The government has today (Wednesday 31 July 2013) published the names of the first four consumer and business bodies to be considered for ‘super-complainant’ status in the financial services sector. The government is asking stakeholders to comment on the applications.
Using the Financial Services Act 2012, the government has made it possible for consumer bodies designated by the Treasury to make ‘super-complaints’ about financial services to the new regulator, the Financial Conduct Authority (FCA).
Super-complainants will be given the power to present complaints to the regulator if they believe there are features of a financial services market, (such as the market structure or the conduct of firms operating within it) that are, or could be significantly damaging the interests of individual consumers or businesses.
Once a designated body has brought a super-complaint to the FCA, the regulator will have a duty to respond within 90 days.
In the past, super-complaints about financial services could only be made to the Office of Fair Trading (OFT), which doesn’t have the same powers as the FCA in relation to financial issues. In future, the FCA could receive a super-complaint and, if appropriate, use its own strengthened powers to tackle the issue.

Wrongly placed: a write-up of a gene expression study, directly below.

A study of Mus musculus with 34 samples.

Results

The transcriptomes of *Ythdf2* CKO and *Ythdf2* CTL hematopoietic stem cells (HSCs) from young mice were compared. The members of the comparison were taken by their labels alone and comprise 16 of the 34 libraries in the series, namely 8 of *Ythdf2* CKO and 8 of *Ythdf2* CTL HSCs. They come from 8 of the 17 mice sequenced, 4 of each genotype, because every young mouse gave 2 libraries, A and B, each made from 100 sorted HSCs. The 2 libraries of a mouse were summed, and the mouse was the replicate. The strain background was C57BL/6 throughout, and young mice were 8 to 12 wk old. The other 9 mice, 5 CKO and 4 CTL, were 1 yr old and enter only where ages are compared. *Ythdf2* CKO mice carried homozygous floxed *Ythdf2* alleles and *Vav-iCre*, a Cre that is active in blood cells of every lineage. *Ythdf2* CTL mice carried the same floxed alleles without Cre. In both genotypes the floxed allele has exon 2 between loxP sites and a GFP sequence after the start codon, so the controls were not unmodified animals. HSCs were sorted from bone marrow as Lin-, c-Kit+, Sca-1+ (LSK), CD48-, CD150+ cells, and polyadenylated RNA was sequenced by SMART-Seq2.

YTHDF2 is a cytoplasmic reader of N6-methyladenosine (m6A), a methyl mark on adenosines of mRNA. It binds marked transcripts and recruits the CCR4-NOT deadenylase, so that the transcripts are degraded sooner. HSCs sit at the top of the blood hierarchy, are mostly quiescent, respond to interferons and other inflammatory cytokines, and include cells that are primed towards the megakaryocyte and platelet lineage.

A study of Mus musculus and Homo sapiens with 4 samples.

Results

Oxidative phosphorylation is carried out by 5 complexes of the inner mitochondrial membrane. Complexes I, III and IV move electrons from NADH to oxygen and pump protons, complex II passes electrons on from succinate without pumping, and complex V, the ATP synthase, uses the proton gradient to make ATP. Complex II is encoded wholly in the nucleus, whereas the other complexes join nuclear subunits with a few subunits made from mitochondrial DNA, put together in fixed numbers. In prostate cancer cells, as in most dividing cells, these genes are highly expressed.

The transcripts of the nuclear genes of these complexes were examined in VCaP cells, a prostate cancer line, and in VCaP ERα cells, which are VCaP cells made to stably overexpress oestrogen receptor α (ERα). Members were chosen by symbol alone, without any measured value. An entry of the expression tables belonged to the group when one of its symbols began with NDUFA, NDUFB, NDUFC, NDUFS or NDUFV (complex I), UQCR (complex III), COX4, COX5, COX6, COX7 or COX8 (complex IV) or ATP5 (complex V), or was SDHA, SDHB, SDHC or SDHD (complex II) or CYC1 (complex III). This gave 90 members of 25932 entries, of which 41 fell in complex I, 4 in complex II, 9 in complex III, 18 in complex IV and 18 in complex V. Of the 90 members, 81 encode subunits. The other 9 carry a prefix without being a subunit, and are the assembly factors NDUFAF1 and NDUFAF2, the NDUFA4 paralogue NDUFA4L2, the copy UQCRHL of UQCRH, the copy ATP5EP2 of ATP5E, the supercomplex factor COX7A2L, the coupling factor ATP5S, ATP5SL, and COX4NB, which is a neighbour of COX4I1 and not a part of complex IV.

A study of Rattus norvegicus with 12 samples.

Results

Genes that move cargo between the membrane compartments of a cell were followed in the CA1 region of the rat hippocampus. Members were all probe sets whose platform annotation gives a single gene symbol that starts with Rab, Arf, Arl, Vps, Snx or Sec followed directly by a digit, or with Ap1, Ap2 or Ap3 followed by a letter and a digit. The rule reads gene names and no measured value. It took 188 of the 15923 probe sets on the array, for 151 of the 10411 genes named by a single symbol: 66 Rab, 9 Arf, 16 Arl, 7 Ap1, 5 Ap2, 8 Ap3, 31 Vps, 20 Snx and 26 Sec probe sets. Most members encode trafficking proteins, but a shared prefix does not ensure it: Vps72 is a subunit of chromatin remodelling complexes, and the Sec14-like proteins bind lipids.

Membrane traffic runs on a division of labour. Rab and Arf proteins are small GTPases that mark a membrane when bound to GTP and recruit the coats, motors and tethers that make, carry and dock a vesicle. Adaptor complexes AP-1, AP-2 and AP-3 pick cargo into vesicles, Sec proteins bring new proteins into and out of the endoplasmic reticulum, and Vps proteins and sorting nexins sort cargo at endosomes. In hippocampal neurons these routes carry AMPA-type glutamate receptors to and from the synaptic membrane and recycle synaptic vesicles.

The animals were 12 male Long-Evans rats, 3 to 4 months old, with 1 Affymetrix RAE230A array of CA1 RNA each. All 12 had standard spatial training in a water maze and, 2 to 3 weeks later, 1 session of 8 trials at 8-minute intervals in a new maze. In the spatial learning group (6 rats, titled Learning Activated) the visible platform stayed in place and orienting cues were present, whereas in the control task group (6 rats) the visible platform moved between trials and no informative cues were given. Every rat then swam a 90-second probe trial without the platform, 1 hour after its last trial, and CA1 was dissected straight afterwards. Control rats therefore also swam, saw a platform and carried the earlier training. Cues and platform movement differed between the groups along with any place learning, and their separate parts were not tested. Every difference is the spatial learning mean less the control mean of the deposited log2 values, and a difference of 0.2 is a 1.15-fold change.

In March 2013 the government asked consumer groups to apply for super-complainant status. We have received four applications from:
Financial Secretary to the Treasury Greg Clark said:
We are building a stronger and safer financial services sector, a vital part of which is ensuring that consumers and small and medium-sized businesses have a stronger voice to raise issues when they feel specific markets are not working as they should.
By giving certain consumer and business groups the ability to make ‘super-complaints’ to the new regulator, the Financial Conduct Authority, we can all help to tackle bad practice more rapidly and robustly than before.
The FCA has been given the ability to accept super-complaints in order to strengthen the voice of consumers of financial services, as they are unlikely to have access individually to the kind of information necessary to judge whether markets are failing for them. Consumer groups can access individuals’ complaints to form a judgment on whether there is a problem and then take the necessary action.
The next stage of the process is to publish all applicants on the Treasury website for a period of 12 weeks, as stated in the application guidance, giving stakeholders the opportunity to comment on the applicants.
The final decision as to who gains super-complainant status will be taken after the 12 weeks have elapsed.
Photo by Jason Garber on Flickr. Used under Creative Commons.